Unlicensed operators wreak havoc in Latin American forwarding sector
“An incredible rise” in unlicensed, unregulated one-man forwarding operations is posing a threat to Latin America’s ...
The financial challenges that have plagued Miami-based Centurion Air Cargo and sister airline SkyLease resulted yesterday in one of its aircraft being impounded by a judge.
Last night, after a 747-400F, registered to Centurion but appearing to be operated by SkyLease, landed at 9.37pm at Viracopos Airport in Sao Paulo from Miami, a Brazilian federal judge ordered the aircraft door sealed and the aircraft seized for non-payment of government taxes and staff wages.
According to one local source, Alfonso Rey’s group of companies (Master Top Linhas Aereas, Cielos del Peru, Centurion Air Cargo and Skylease Cargo) owe some $4m for pilot and ground staff salaries and taxes, although The Loadstar could not verify this figure before publication.
Pilots for the carriers have complained recently that they still awaited overtime payments for April and May. The company is thought to be shedding pilots fast as a result, despite trying to build up SkyLease. Pilots report that Centurion now has only one aircraft, with SkyLease operating the remainder – albeit with reduced staffing levels.
The impounded aircraft is owned by Dutch lessor AerCap.
Last week, following mediation, Centurion settled a court case which had been running since May last year, filed by the insurance company of one of its customers after a shipment was lost. All other cases against the airlines appear now to also have been resolved.
The news of Centurion’s latest troubles comes as the director general of IATA, Tony Tyler, warned that airlines in Brazil were in a dire situation.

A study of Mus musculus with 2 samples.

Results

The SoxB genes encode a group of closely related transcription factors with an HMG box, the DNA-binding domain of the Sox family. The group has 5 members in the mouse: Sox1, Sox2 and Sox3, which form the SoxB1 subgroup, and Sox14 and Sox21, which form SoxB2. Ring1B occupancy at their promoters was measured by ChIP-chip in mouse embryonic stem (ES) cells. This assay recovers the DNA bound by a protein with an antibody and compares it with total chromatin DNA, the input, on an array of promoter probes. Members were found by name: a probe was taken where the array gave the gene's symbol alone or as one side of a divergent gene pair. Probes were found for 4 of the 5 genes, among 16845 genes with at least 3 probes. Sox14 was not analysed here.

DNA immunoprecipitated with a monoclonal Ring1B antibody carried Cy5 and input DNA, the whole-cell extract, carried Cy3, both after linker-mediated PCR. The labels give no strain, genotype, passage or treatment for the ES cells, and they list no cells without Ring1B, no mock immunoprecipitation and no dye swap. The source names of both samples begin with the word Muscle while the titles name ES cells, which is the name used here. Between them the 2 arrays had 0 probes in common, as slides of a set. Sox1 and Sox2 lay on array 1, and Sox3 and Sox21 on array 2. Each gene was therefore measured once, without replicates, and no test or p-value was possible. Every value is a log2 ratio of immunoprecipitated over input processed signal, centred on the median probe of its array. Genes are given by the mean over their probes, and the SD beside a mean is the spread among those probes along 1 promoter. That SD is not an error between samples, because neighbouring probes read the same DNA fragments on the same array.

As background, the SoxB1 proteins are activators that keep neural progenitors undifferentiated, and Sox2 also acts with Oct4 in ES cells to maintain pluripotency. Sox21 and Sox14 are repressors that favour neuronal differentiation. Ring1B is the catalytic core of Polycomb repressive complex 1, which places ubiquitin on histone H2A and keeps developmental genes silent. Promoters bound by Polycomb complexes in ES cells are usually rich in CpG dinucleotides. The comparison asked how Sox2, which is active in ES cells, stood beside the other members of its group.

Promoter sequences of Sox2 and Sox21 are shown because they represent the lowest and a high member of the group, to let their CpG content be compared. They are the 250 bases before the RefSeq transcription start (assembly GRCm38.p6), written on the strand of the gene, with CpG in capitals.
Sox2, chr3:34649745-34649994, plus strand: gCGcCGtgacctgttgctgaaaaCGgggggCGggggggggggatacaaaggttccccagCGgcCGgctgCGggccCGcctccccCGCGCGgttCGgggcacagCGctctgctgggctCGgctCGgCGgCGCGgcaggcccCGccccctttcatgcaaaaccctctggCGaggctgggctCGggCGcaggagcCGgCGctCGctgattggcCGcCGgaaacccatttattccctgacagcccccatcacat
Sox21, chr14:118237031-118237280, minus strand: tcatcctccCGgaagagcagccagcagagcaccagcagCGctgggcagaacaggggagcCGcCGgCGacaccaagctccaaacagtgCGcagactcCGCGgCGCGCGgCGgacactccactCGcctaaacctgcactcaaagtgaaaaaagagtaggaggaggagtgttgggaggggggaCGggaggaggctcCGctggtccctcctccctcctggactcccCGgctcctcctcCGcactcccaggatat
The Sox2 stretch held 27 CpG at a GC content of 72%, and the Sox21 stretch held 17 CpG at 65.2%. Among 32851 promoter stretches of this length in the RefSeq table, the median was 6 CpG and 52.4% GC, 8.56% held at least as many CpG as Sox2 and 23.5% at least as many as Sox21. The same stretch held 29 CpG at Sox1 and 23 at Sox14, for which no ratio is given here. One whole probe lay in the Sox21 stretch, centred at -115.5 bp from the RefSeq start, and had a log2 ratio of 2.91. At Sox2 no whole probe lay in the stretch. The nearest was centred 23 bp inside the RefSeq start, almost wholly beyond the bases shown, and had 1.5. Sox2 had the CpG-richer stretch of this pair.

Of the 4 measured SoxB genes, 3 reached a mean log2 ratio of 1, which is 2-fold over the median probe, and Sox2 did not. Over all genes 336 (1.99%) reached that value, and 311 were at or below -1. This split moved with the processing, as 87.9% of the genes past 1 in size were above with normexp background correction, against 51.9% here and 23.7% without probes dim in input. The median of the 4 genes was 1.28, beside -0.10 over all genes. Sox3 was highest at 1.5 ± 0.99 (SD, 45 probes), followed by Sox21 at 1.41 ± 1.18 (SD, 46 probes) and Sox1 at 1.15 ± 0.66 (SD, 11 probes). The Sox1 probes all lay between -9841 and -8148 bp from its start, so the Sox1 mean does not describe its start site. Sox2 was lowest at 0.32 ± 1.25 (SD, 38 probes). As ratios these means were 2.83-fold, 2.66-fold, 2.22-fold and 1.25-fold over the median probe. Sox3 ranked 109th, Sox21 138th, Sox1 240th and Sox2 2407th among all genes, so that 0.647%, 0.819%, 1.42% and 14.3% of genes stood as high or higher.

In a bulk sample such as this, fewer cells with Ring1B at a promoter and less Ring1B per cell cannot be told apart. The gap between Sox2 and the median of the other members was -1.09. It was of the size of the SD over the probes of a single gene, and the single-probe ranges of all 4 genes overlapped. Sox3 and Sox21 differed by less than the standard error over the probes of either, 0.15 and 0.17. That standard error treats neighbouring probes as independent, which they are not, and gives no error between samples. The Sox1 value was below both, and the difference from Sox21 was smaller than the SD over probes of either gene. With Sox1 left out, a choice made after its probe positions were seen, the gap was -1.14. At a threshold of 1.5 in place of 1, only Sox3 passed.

Speaking at the Latin American and Caribbean Air Transport Association in Puerto Rico yesterday, My Tyler said: “The problems facing Brazil’s carriers are threefold: the economy is in deep recession, with rising unemployment; the real has lost more than a third of its value against the US dollar in the last 12 months; and, most importantly, government policies impose crippling costs on the industry.”
He called for “immediate action … to protect the benefits of aviation connectivity, by granting relief from high taxes, exorbitant fuel costs and onerous regulation”.
Last week, LATAM Airlines Group issued its financial results for the third quarter. Although the group reported an operating profit of $120m, a rise of 1.9% year on year, it said it was due to cost efficiencies and lower fuel prices.
It added: “As a result of complex macroeconomic scenarios in South America, and the major devaluations of Latin American currencies during the period – especially the 55.5% depreciation of the Brazilian real – total revenue for the group during the third quarter of 2015 fell by 19.9%, compared with the third quarter of 2014.”
Cargo revenue fell 24.5% to $309m, and the group said it planned to sublease one of its four 777-200Fs to a third party, after announcing earlier this year it was to lease-out three of its 767-300Fs. It blamed the fall in revenue on a 12.2% drop in freight traffic and a 13.6% fall in yield.
“During the quarter, demand for cargo services remained weak, especially in the Brazilian domestic and international markets. In addition, the connection of cargo traffic at the airport of Guarulhos in Sao Paulo was affected by a strike by customs staff.
“The pressures on earnings from freight traffic continued, mainly due to the competitive scenario, the depreciation of local currencies (mainly the Brazilian real and the euro), and a low fuel surcharge related to low price fuel.”
Delegates and speakers at the recent Air & Sea Cargo Americas in Miami also noted that there was pain in the region.
“Brazil has got pneumonia, and we are all sniffing,” said Jaime Alvarez Price, head of cargo for Copa. He added that low oil price and a strong dollar, as well as the Brazilian recession, had hurt the market.